Subscriber & Member Login

Login, or register today to interact in our online community, comment on articles, receive our newsletter, manage your account online and more!

Anyone ever model a fireless steam locomotive?

8680 views
34 replies
1 rating 2 rating 3 rating 4 rating 5 rating
  • Member since
    September 2003
  • 13,412 posts
Posted by Overmod on Friday, October 16, 2020 3:52 PM

rrinker
 Yes, I know they ran on sodium hydroxide.

I know you know, and I remember Fred Westing knowing (but I don't remember him in The Locomotives that Baldwin Built telling exactly how the trick was done.

I still think Perkins gets a gold star for making calcium chloride work...

  • Member since
    February 2002
  • From: Reading, PA
  • 28,879 posts
Posted by rrinker on Friday, October 16, 2020 8:09 PM

 Theoretically, anything that generats a gas at pressure can be used. Some things are more efficient than others, and some do not generate a gas that causes sudden death, but other than that.... 

 One of the options to electric cars is hydrogen - could try that, too. But even more so than in a car, the integrity of the pressure vessel is critical, at the kind of pressures they are using. Plus gaseous hydrogen in the presence of oxygen is rather flammable, as the passengers and crew of the Hindenberg found out to their extreme detriment.

                                        --Randy


Modeling the Reading Railroad in the 1950's

 

Visit my web site at www.readingeastpenn.com for construction updates, DCC Info, and more.

  • Member since
    October 2020
  • 70 posts
Posted by NorthBrit on Saturday, October 17, 2020 4:57 AM

A fireless steam locomotive UK style.     The locomotive is now at the 'Locomotion'  Musum,  Shildon,  County Durham,  England.

David

To the world you are someone.    To someone you are the world

I cannot afford the luxury of a negative thought

  • Member since
    September 2003
  • 13,412 posts
Posted by Overmod on Saturday, October 17, 2020 10:35 AM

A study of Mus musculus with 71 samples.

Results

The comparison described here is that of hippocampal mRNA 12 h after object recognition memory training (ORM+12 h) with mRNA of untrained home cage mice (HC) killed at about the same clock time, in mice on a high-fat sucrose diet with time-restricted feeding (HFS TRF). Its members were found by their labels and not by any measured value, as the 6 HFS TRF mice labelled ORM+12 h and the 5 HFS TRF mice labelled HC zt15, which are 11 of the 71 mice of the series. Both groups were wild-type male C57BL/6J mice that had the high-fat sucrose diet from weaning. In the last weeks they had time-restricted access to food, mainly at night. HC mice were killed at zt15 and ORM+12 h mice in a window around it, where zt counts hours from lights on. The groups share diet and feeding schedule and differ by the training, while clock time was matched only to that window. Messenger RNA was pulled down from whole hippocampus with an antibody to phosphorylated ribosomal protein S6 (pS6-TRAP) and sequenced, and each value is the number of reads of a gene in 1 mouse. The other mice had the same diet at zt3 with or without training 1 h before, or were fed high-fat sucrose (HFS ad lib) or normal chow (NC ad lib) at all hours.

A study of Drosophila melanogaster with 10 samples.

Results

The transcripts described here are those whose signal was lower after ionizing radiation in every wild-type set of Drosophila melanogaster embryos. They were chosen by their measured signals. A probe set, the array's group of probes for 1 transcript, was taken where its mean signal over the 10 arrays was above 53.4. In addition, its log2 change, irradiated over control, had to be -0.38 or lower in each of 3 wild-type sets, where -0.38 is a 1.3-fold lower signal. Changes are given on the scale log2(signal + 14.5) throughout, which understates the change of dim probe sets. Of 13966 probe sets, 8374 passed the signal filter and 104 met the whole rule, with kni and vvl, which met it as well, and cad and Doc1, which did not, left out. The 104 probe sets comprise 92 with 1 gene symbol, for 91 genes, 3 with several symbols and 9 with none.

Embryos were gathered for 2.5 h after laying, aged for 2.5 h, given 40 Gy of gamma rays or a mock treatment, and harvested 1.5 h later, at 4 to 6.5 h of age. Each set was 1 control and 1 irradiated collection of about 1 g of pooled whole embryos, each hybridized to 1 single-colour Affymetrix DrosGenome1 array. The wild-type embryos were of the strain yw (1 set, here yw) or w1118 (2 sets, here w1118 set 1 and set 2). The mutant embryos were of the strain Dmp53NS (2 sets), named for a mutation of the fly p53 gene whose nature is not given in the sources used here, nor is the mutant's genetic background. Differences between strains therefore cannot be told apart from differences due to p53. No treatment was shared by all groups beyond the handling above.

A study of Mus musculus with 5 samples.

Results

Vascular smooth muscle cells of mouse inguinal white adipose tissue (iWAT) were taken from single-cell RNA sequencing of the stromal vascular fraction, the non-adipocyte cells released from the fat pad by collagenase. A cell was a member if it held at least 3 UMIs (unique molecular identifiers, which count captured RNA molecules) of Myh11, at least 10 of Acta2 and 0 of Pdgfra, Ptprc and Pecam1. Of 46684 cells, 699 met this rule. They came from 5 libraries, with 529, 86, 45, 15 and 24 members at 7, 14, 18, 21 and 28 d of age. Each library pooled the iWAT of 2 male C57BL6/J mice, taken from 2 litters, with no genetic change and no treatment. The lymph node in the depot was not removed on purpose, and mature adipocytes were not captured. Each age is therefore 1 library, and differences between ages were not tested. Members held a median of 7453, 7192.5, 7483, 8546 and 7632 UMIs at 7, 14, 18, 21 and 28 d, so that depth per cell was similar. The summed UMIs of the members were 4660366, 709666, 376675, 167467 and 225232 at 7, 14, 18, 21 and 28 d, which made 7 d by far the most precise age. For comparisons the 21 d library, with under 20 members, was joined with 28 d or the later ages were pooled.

rrinker
 Theoretically, anything that generats a gas at pressure can be used.

All these engines are steam engines, pure and simple.  I confess that when I first read Westing's book circa age 12, I thought the 'soda' motor used CO2 (like the old Cox toys with the compressed-gas ampoules made for at-home seltzer and cream-whipping) but that was wrong-o.

If you remember the original Fowler's Ghost, you know that 'heat recovery' by condensing exhaust steam into feedwater is a losing proposition in a comparatively short time: the latent heat of condensation being so great that 1lb of condensing steam raises over 6lb of water to the boiling point from room temperature.  So a better source to stick the exhaust -- condensers using air being bulky and likely needing fan power -- and condense it quickly needed to be found.  The idea is to pass the steam through a chemical that reacts with it... and ideally releases heat in the process.  If you jacket a fireless locomotive 'boiler' with this stuff inside, you can get a triple treat: the water exhaust and its residual heat disappear, the jacket keeps the hotter supercritical water charge hot longer, and by passing the (inherently saturated) throttle steam to the cylinders through the hot material in the jacket you can get up to 40 degrees F of superheat at pressure, which cuts down on wall and nucleate condensation just as in fired engines.

Then you can use any applicable heat source to 'boil off' the water from the jacket material -- slowly if necessary -- to reuse it.  (It was this part of the process that made early commercial 'soda motors', like the Perkins design earlier, uneconomical ... and of course the introduction of practical electric trolleys 'subsidized' by developing utility companies, and then development of practical-scale gas engines, put the final kibosh on the idea for street transit or subway use...

  • Member since
    November 2013
  • 1,194 posts
Posted by snjroy on Monday, October 19, 2020 2:06 PM

Since someone revived this thread my answer to the original question is YES.

For fun, I purchased this fireless locomotive (a European Liliput model) and converted it for the North American context. For some reason, Europeans put the pistons near the cab for their prototypes. So, I managed to reverse the pistons on this Lilliput engine that I found on Ebay, and converted it to DCC with an LED headlight. I  also shaved the wheels a bit to make it work properly on our North American rails... Did that with my  Dremel with the engine turning upside down. I tried a needle file but that would have taken forever. I gave her a new color and did a bit of weathering. I painted the engine with Vallejo acrylic paint. The first coat did not stick to anything, so I used Vallejo acrylic primer for my second try. That seemed to work.

Simon

 0-4-0 fireless_0004_zpsvfwofwpt  on Flickr

 

Subscriber & Member Login

Login, or register today to interact in our online community, comment on articles, receive our newsletter, manage your account online and more!

Search the Community

ADVERTISEMENT
ADVERTISEMENT
ADVERTISEMENT
Model Railroader Newsletter See all
Sign up for our FREE e-newsletter and get model railroad news in your inbox!